It’s amazing to think that Mozart did with only a pen and piano what a million musicians with all the technological power in the world today couldn’t do if they spent a thousand years trying. It’s like we’ve been given the key to conquer the universe and somehow said — you know what, I’m good, you can keep it.

The power of the machines at our fingertips, all the possibilities we have, and yet our popular music is little more than three or four phrases, repeated over and over, with the same rhythm that we’ve been hearing for the better part of fifteen years. It’s almost comical how bad a lot of popular music is.

But then, what do you expect. People have lost the ability to concentrate on anything for more than five seconds. Myself included. Imagine listening to a composition in full, a song that lasts five minutes, ten minutes, ever-changing as it continues, moves on from a beginning, through a narrative in its mid-section, then finishes with a flourish.

I often wonder why what we now call classical music was able to flourish at one point in history. I think, if I were to pinpoint a reason, I’d have to say some of it had to do with technological reproduction, or the lack of it. When music could not be reproduced, and it could only be experienced if played live, the performance was everything. Certain segments of society — mostly the middle and upper classes — were able to partake in this music, and they in turn wrote the history of this music, and we in turn began to believe that this music was popular in its day. In reality, it may have only ever been popular to a small degree.

In the villages and in the slums, the places where large groups of people then lived, there was a music all its own, folk music, which was popular with those people, and it was in these villages where music that we now call classical, like Mozart, Beethoven and Brahms, was never popular or ever truly understood.

And it was from these villages and slums that, over time, we got the songs that we now sing every day, whether we know that the melody came from that place or not. So, Mozart made something incredible, that much is true; it is also true that while he was doing something we now consider high art, there was also, too, a low art, an art that was ignored and disregarded until history and mechanical reproduction was such that we could, in our nearly infinite power, look at it and say: you know, there is actually something of value here.

But that’s the story of modernism, isn’t it. The bricks that built the homes that stand for centuries in some countries have been replaced by sheetrock and plaster, materials that, over time, are only made to be destroyed. This generation, the last fifty or seventy-five years of history, has aspired to make nothing that lasts; we cannot even remember one week from the next, the culture moves so fast, the products it produces disposed of mere hours after they have been created.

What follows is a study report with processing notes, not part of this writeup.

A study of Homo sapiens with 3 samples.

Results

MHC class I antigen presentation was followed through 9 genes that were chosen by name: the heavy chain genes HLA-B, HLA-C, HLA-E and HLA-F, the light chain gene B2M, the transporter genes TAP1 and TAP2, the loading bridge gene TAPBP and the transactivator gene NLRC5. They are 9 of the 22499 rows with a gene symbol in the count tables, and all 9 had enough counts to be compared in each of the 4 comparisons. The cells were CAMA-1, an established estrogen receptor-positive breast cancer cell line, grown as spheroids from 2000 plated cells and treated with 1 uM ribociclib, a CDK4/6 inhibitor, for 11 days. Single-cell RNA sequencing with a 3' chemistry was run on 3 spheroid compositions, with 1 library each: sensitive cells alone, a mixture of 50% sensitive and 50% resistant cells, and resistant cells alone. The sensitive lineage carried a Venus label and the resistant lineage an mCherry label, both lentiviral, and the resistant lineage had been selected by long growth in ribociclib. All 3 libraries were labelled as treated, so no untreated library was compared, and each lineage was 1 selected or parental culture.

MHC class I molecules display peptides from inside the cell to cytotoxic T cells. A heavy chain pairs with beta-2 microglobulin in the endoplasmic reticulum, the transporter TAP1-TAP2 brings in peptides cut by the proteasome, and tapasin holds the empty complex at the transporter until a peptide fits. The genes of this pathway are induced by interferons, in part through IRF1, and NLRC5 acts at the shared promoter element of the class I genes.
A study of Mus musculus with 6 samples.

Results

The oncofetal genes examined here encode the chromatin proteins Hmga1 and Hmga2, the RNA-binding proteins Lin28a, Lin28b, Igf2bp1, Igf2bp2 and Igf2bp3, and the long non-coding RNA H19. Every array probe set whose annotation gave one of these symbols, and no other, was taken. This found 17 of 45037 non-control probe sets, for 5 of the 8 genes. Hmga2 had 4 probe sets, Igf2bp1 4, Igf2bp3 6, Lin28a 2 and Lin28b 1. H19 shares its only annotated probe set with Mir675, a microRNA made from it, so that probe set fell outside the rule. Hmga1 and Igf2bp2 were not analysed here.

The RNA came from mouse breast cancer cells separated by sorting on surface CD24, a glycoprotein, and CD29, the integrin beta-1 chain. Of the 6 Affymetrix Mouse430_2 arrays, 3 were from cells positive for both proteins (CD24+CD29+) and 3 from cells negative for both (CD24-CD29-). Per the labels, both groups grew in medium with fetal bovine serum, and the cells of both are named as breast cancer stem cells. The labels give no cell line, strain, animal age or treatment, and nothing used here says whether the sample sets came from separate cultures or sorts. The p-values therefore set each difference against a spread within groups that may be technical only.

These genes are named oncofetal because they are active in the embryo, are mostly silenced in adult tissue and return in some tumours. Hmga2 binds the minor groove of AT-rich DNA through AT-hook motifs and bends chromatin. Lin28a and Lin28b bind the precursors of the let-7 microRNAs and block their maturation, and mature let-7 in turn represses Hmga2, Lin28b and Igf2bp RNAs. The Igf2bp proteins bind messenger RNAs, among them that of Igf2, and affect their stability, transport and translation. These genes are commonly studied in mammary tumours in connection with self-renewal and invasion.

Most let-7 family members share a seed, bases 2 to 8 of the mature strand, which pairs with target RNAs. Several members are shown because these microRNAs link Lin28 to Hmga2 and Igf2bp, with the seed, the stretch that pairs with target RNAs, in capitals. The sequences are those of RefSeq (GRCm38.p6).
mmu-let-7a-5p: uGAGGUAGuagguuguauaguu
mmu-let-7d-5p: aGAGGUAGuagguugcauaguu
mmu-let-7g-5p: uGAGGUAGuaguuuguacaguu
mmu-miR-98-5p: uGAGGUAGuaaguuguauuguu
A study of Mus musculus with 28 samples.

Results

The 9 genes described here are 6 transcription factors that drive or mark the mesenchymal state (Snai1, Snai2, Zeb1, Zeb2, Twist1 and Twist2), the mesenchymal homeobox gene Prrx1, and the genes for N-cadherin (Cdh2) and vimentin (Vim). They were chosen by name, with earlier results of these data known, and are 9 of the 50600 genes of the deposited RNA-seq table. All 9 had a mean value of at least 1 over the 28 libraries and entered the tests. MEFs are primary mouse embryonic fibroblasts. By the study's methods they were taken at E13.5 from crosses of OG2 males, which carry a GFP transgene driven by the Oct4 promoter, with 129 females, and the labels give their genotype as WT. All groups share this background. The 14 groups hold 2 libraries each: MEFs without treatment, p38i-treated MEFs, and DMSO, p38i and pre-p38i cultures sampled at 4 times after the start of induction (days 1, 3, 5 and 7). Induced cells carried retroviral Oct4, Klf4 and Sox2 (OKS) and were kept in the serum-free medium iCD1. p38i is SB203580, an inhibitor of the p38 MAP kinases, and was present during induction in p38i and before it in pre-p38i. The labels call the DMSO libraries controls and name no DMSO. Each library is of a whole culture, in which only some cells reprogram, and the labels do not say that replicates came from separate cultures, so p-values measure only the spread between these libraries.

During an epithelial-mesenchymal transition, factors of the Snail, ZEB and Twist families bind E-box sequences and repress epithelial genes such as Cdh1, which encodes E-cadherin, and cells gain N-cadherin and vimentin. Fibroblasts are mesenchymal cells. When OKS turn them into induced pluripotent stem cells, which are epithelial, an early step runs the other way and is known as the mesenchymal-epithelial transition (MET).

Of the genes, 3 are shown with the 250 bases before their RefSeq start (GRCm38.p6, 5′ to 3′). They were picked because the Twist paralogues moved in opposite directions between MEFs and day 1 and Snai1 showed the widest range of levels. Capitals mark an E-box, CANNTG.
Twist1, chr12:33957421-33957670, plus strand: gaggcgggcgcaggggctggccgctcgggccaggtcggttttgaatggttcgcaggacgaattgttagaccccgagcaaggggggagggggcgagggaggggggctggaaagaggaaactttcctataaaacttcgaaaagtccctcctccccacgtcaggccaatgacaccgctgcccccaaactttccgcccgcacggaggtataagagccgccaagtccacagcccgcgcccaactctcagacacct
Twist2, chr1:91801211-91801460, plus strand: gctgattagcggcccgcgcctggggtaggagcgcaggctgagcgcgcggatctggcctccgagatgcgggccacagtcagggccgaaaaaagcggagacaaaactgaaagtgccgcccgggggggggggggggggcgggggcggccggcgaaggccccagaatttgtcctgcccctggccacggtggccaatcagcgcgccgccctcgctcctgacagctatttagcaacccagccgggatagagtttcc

Nothing ages well. Only the highest of art can be passed down through the centuries, because it is the highest of art which contains something in it which is truly timeless, a complexity and depth that, if you are to continue searching within it, is always revealing new layers; in this way, to look at this art is a method of unraveling the past, learning about a time and place through every note and melody that is played.

To hear Mozart is to hear all of history, in a way, or at least a certain kind of history. We have taken pieces of those melodies, over time, and turned them into pop songs, because the mind, no matter what we may think about it, can only process but so much information at once. A repetitive melody, one that plays continuously, on loop, is a form of propaganda, in a way; it does not tell any story, rather it tells a message, formulates a worldview through the emotions the melody triggers and the images called to mind when the words are repeated.

Music, you see then, is the most powerful tool of propaganda in the history of the world. But those years ago, when Mozart was alive, this was not music’s purpose; its purpose then, in an age without visual storytelling, when the only way to escape would be through the stories told in theater, or through books — when they became available — was to provide a kind of emotional journey, a way to take a trip into the world of the composer, what he had to say, without leaving the theater.

In the age of the moving image, of the motion picture, it was the melding of music to action and storytelling itself which forever altered how people would perceive this kind of music; never again would they hear the emotional music of Mozart without wondering where the story was, for to sit down and listen, to relax and enjoy where the music was taking you simply left too much to the imagination; really, not unless someone told you to would you sit back and simply listen to listen.

In this, the whole world got lost in story, in the need for music to project some kind of reality, for it to be a deeper thing than what it actually was, or rather for the music itself to be the deepening experience that one was searching for.

Music became background, you see, in service of a reality that was not real.